Anyone that went to school with me or lived in the small town of Swainsboro GA, uses me and my brother Kevin to form the image in their heads when they hear the word twin. Anyone who didn’t know us—this happening particularly when we were younger—and saw us in a store with our mother would proclaim, “Oh my! Are those twins? They look absolutely identical!”
At the very basic cellular level, there are several different types of twins, the two most well-known being monozygotic and dizygotic. The monozygotic twins are the identical twins—though Kevin and I look very similar, we are not identical and neither is the term monozygotic. This type of twining occurs when a single egg—or ova, if you want to get technical about it—is fertilized by a single sperm cell, in which the resulting zygote divides into two embryos; this does not mean that the children are identical, though they may have similar traits and physical appearances.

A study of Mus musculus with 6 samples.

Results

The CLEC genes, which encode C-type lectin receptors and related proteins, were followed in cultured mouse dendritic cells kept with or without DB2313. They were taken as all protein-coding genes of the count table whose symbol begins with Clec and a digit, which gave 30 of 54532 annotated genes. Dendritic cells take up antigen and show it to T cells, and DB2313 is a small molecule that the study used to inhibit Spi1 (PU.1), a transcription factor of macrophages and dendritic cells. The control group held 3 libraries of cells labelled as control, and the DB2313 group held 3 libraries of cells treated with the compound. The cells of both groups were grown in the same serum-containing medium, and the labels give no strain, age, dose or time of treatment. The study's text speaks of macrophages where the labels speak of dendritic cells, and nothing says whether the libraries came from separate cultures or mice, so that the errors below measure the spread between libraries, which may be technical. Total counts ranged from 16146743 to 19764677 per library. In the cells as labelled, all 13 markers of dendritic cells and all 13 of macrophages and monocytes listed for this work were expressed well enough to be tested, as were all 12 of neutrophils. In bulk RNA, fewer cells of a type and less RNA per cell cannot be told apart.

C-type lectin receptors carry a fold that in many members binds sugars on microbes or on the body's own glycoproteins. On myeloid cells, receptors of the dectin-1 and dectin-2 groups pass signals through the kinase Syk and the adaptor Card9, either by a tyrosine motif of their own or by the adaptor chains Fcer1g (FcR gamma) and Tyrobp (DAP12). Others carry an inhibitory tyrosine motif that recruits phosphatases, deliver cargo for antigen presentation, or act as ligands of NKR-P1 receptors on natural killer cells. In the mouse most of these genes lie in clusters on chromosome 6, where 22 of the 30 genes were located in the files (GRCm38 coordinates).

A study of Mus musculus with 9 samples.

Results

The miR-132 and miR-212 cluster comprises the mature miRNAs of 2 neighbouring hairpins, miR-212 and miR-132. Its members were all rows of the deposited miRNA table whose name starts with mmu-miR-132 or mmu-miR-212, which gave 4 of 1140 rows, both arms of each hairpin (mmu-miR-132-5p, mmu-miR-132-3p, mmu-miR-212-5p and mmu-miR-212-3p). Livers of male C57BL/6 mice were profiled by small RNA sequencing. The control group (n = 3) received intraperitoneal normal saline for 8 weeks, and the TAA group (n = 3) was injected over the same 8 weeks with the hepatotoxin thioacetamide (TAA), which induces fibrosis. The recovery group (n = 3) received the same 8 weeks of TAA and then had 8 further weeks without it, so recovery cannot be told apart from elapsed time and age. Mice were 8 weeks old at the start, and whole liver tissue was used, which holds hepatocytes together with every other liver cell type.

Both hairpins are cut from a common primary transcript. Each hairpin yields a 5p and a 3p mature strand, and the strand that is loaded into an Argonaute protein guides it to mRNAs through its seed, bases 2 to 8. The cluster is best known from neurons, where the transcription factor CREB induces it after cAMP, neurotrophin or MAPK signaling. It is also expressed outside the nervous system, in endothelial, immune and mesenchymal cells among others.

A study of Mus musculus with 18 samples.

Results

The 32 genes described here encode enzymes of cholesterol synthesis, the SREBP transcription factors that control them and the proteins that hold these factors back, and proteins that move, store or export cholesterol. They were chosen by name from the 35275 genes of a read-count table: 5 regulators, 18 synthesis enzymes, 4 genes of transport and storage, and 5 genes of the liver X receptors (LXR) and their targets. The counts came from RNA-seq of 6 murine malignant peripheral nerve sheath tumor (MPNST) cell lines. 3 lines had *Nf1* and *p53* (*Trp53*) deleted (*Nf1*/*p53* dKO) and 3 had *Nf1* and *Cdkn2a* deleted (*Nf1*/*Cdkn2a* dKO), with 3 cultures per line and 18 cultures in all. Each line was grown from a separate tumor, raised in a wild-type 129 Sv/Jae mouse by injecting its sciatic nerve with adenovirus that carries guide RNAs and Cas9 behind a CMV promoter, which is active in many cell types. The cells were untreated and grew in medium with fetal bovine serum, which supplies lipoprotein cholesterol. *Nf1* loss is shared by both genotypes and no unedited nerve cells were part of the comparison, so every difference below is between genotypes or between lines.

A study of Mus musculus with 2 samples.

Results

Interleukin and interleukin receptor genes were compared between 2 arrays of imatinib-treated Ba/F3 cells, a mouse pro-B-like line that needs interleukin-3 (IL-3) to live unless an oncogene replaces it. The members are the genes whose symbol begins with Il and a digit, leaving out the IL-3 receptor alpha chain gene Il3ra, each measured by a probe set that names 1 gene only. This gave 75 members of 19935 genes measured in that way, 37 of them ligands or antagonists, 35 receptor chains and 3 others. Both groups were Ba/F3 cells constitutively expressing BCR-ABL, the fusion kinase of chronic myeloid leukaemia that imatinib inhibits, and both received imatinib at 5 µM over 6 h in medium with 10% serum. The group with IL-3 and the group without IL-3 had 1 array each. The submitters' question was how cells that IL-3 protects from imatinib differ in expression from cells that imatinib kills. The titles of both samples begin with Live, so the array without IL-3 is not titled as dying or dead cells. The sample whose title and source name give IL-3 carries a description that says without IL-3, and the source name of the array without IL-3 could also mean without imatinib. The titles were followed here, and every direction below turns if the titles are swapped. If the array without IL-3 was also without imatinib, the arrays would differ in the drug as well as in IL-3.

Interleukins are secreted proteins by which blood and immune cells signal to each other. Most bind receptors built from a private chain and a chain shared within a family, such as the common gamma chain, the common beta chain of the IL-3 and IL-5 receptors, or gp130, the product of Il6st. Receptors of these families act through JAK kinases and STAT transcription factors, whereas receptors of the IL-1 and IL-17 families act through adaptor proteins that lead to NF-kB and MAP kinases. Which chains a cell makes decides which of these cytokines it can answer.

Kevin and I are a dizygotic pair, commonly known as fraternal twins. This occurs when two different eggs are fertilized by two different sperm cells—the process begins and results in individual zygotes and embryos. With that said, the DNA of both mono and dizygotic twins are very similar; it is the environmental conditions the twins are exposed to, in and outside of the womb, that influences the switching on and off of various genes.
So the big question remains: what has influenced Kevin and I throughout our early and current lives that has caused the proverbial light-switch to flash on or off? What have we experienced separately or differently that has caused us to become independent, social beings? This is what I must ask myself when completing my experimental writing project in my Writing the Body class.